Rare mackerel species caught in Sligo Bay
28th August 2018
A rare mackerel species has recently been caught in Irish waters. Caught on August 14th by Gerry Sheerin fishing on board Sligo Boat Charters, the Atlantic chub mackerel (Scomber colias) is rarely found this far north, with its normal distribution being near the Mediterranean and further south, off Africa. Whilst the fish is occasionally caught around Irish and UK coasts by both recreational anglers and trawlers alike, it is certainly not common but numbers appear to be increasing in recent years.
Owner of Sligo Boat Charters Daryl Ewing said of the unusual catch, “It’s a first here for me and I’m fishing out of Sligo Bay for over 30 years. I also asked another older charter skipper and a commercial mackerel & scad fisherman from Killybegs but neither have seen one before and both have a couple of decades on me! I had to get the Marine Institute to I.D. it as I was unsure of the species but they confirmed by doing a count of the rays on the dorsal fin that it was a spanish or Atlantic chub mackerel.”
The Atlantic chub mackerel is also confusingly known to some as “Spanish mackerel”, which is the more common name for the much larger and very different looking species Scomberomorus maculatus which tends to live around the Gulf of Mexico. Whilst their colours are similar at a glance, Atlantic chub mackerel differs from our ordinary Atlantic mackerel (Scomber scombrus) in having a larger eye and head, a definite area of large scales around the pectoral region, noticeable dark spots on the flanks and an easily observable swim bladder, which is absent in normal mackerel.
This latest example off Sligo, which is unusually north for the species, was caught on traditional mackerel feathers at a depth of 6-7m down over 22m, at a water temperature of 17°C and was swimming with a shoal of Atlantic mackerel. At a glance the species can appear similar and so it is likely that other examples caught in nets or by rod & line have simply gone unnoticed over the years. The species is usually epipelagic, feeding in deep waters of 250-300m, coming inshore to shallower waters in the summer months and can grow to 2ft long and over 2kg in weight.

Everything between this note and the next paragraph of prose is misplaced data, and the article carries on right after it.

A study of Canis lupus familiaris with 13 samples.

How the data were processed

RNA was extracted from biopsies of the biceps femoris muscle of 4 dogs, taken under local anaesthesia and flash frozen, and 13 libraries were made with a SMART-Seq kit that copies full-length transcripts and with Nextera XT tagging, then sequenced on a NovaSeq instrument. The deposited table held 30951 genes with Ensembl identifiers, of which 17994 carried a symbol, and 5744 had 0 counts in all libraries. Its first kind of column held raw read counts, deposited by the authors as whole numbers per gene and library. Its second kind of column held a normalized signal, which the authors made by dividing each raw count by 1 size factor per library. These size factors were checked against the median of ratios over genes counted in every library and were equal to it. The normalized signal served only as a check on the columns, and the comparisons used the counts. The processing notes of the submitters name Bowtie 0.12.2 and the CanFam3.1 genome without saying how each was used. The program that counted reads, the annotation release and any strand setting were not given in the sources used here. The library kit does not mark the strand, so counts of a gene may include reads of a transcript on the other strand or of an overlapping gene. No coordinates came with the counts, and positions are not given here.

The first positive identification of Scomber colias in Irish waters was in August 1967, when two specimens were caught trawling in Dingle Bay and sent for investigation at the then national Fisheries Laboratory in Dublin. Dr. Arthur Went was the prominent Irish fisheries biologist of the time and recorded unusual fish in Irish waters from 1958 onwards. In 1967 remarked that whilst there has been a number of claims of Atlantic chub mackerel in Irish waters before this, including one as far back as 1858 (again off Dingle) none had been reliably identified.
Several other records of Atlantic chub mackerel have been officially verified off the Irish coast. Another specimen was formally identified by Went in 1968, as well as in 1970 and 1976 – all of these fish were caught via trawls in Dingle Bay. In 1993 another specimen was recorded (again, in a trawl) off Kerry Head whilst more recently, in 2003, a single fish was landed off the NW coast of Donegal by boats pair trawling for scad. In 2011 another fish was caught alongside Atlantic mackerel off the SW coast.
Although certainly uncommon in Irish waters, especially off more northern shores, it would appear likely that the occurrence of fish species more typical of southern climes, such as chub mackerel, are set to become more and more frequent due to climate change and shifting ocean currents.